The digital discography of the late R&B legend is unavailable and incomplete. Only her uncle, mysterious music industry exec Barry Hankerson, knows why.

It has been 15 years since Aaliyah died in a plane crash, ending a life and career that were only beginning to realize their full potential. The three albums she released while alive influenced some of today’s most significant artists—Drake, Beyoncé, the Weeknd, and many more. But you won’t find most of her music online. In fact, Aaliyah’s most popular, most important works—the albums One in a Million and Aaliyah, and late-career singles like “Are You That Somebody?”—aren’t available for streaming or sale on Spotify, iTunes, Amazon, or any other online music service.

Digital voids like these can result from legal battles over uncleared samples (as with De La Soul), or from musicians holding out for better royalty terms (the Beatles, until recently). Other times they’re the result of ideological stands against the devaluation of artistic output (Joanna Newsom), or cranky nitpicking about audio quality (Neil Young). But Aaliyah’s internet absence is different—there’s no logic to it. It’s not an artistic statement or a play for more money, and there’s no dedicated Aaliyah-only streaming service in the works.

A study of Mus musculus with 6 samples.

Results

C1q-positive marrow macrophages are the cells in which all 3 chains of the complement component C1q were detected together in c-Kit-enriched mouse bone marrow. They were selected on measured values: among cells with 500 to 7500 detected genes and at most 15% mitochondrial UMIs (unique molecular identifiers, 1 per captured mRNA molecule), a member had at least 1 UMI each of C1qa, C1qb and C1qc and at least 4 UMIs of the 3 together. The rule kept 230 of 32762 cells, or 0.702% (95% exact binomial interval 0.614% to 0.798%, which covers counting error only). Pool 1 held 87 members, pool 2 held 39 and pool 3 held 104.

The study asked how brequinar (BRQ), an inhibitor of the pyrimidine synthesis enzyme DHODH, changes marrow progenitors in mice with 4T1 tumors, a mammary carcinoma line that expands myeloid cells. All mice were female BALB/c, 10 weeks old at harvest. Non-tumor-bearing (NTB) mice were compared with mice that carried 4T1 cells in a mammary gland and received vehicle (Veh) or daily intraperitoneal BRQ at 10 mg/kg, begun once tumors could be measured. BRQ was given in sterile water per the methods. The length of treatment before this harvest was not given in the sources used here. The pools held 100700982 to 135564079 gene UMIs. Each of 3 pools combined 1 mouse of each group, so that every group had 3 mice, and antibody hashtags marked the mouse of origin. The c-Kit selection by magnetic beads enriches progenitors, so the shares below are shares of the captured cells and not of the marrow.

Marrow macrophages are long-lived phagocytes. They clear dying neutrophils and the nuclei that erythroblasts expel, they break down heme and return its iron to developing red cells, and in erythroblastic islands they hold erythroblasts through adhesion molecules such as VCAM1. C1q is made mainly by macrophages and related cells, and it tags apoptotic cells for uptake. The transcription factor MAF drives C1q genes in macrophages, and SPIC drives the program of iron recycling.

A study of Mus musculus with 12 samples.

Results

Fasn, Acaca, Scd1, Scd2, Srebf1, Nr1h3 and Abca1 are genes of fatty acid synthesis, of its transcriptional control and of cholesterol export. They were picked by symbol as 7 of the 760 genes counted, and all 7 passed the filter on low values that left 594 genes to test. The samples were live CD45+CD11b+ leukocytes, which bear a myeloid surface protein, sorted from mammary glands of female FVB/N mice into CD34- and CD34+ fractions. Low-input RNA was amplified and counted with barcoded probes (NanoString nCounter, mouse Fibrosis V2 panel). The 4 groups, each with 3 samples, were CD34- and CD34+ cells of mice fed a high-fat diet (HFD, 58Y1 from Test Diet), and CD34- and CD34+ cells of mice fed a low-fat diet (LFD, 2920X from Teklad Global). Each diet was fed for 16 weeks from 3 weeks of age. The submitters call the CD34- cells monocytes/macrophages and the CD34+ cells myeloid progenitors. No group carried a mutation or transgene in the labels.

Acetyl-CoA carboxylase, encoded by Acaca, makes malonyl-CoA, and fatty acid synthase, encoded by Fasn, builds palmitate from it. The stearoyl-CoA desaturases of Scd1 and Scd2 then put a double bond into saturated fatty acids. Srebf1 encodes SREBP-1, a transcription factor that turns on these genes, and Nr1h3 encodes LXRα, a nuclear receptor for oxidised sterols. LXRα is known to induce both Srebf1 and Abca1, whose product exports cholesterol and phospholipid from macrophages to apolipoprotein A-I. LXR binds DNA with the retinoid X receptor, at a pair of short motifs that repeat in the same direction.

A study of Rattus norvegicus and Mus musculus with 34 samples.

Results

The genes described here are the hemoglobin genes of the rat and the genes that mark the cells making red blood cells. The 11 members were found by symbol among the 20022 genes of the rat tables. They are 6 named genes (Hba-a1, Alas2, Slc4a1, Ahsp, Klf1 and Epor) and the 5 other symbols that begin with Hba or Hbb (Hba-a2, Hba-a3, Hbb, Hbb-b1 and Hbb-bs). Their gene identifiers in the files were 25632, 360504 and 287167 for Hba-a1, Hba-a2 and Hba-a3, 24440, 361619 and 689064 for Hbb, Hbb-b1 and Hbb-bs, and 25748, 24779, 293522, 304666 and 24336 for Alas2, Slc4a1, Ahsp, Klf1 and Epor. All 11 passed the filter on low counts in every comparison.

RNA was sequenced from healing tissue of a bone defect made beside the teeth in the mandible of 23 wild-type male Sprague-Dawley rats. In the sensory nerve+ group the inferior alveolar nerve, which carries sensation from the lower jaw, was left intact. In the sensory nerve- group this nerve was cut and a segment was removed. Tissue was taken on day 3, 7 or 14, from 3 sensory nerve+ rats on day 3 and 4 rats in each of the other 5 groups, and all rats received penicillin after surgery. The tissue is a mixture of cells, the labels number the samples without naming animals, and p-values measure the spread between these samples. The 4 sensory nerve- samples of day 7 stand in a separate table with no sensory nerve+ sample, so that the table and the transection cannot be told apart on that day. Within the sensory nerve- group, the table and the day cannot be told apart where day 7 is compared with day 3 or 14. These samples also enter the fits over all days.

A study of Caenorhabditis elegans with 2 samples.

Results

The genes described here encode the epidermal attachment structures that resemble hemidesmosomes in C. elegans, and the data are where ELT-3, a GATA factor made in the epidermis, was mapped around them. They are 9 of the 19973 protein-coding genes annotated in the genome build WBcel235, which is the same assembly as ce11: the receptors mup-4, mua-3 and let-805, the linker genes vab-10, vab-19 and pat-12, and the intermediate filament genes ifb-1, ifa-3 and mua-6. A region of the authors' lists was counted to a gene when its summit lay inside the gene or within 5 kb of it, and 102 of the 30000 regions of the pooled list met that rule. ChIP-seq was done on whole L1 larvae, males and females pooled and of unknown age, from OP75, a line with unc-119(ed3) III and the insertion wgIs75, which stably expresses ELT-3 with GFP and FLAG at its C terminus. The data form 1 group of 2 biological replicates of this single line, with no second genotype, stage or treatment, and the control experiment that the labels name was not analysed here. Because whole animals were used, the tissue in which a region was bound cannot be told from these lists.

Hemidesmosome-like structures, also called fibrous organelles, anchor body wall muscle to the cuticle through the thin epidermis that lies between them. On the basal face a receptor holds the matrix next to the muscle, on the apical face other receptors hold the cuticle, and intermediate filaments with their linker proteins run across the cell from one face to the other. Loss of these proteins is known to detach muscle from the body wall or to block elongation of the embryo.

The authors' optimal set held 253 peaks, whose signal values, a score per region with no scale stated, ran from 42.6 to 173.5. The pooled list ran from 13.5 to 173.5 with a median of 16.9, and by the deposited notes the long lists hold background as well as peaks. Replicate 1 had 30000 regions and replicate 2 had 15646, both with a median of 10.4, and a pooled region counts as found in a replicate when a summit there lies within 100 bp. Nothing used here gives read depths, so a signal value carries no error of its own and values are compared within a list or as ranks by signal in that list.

Instead, there’s a single, stubborn man, sitting on a catalog that includes almost all of her most famous work, as well as albums from Timbaland and Toni Braxton, and a trove of unreleased original material that’s never before been heard. The situation puts her entire musical legacy at risk of fading from memory. Year by year, streaming accounts for a greater portion of an artist’s visibility and reverence among the next generation of listeners. And he refuses to budge.